As Jeremy Hunt hangs on to his post as Secretary of State for Health, will it be business as usual for the NHS? With negotiations no longer required with the Liberal Democrats, the Conservatives can lead as a majority government, so how much of the current policy will be put into action and how much is set to change?
Commenting on his reappointment, Hunt said his “biggest priority was to transform care outside hospitals, with a step change in services offered through GP surgeries, community care and social care”.
As part of its pledges for the NHS, the Conservatives have made ambitious promises around GP services, including seven-day access by 2020. The party also want to extend practice opening times, appoint a named GP for every NHS patient, guarantee same-day appointment for the over 75s and recruit 5,000 new GPs.
Will they be able to deliver on against these commitments? This will be rather difficult given the response from GP representatives asking the newly elected government to forget about the populist election pledges and instead focus on what has been described as the deepest crisis the profession has faced. Analysis by the Royal College of General Practitioners suggested that on current trends it would take until 2034 to recruit the 5,000 GPs promised by the Conservatives.
Whilst GPs might be up in arms, the reappointment of Hunt has mainly been welcomed. Many voices across the NHS have expressed that this will provide much-needed continuity and stability, removing the threat of further NHS reorganisations.
However, all are in agreement that the biggest challenge that the health secretary faces will be to tackle the NHS financial crisis.
The additional £8 billion-a-year pledged by the Conservatives for the NHS by 2020 will only keep the service standing still and not pay for new initiatives such as the seven-day NHS. Furthermore the government will be relying on strong economic growth to sustain this budget commitment by 2020.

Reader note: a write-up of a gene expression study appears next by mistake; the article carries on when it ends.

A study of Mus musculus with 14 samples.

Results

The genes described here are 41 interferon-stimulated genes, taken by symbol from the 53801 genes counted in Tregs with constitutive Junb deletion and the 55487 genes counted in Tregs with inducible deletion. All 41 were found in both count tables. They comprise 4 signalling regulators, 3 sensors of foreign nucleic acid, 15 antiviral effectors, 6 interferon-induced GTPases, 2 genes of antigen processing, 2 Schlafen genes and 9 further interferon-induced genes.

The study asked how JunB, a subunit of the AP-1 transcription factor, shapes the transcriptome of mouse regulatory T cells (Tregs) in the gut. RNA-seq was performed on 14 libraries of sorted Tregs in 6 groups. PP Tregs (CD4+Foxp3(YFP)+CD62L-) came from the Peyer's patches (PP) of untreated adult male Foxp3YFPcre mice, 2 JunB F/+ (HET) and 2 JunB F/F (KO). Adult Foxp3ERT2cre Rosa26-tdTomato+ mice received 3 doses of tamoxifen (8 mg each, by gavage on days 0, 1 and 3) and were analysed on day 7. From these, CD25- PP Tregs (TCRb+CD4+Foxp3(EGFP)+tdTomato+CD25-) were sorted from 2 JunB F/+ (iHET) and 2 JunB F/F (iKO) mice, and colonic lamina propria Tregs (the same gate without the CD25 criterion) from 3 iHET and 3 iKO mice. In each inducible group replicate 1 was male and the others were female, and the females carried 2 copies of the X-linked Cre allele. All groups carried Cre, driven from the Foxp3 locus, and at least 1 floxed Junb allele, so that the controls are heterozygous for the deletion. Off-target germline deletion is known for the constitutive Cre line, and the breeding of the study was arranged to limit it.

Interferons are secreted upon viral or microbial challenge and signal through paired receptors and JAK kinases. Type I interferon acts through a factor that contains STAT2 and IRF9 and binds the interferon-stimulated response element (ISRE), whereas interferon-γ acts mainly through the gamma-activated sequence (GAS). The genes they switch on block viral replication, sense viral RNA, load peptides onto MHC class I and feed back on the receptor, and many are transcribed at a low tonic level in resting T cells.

The problem is more funding is needed now. A report into NHS finances by the Commons’ spending watchdog has already warned that four out of five foundation trusts were reporting a deficit by last autumn. That raises serious questions about how the service will find the £22 billion of efficiency savings already factored in to balance the books.
With so much money required to keep the NHS running, this begs the question of how the health secretary plans to finance the implementation of Simon Steven’s Five Year Forward View and its impact on the digitisation of the NHS. The treasury has an unfortunate record in raiding technology funds – most recently depriving NHS England’s Integrated Digital Care Technology Fund (‘tech fund 2’) from its initial allocation to support the A&E crisis. It is instances like these where funds will be redirected to prop up NHS trusts’ finance – could these scenarios end up affecting Hunt’s ambition for the NHS to be paperless by 2018?
Financial concerns may also impact on the government’s plans to integrate health and social care. This might be further compounded by the fact that whilst the budget for the NHS has been ring-fenced, little has been said about the future funding of social care. Further cuts to social care, and cuts to people’s support from benefits, could have a damaging impact on people’s health, further escalating demands on the NHS.
Despite all these challenges, Hunt has got five years ahead of him to make a long-term impact on the NHS. But one thing is certain, unless he addresses the financial crisis, the NHS will move closer and closer to the edge of the precipice.
Will he be the health secretary that refuses to bury his head in the sand and has the courage to engage in an honest debate about the future of the NHS and its funding? Could this mean an open discussion around funding options such as increased taxation or moving towards an insurance or means-tested model of health provision? Because the only other alternative will be a reduction in the quality and quantity of the services provided. And this won’t be an election winner come 2020.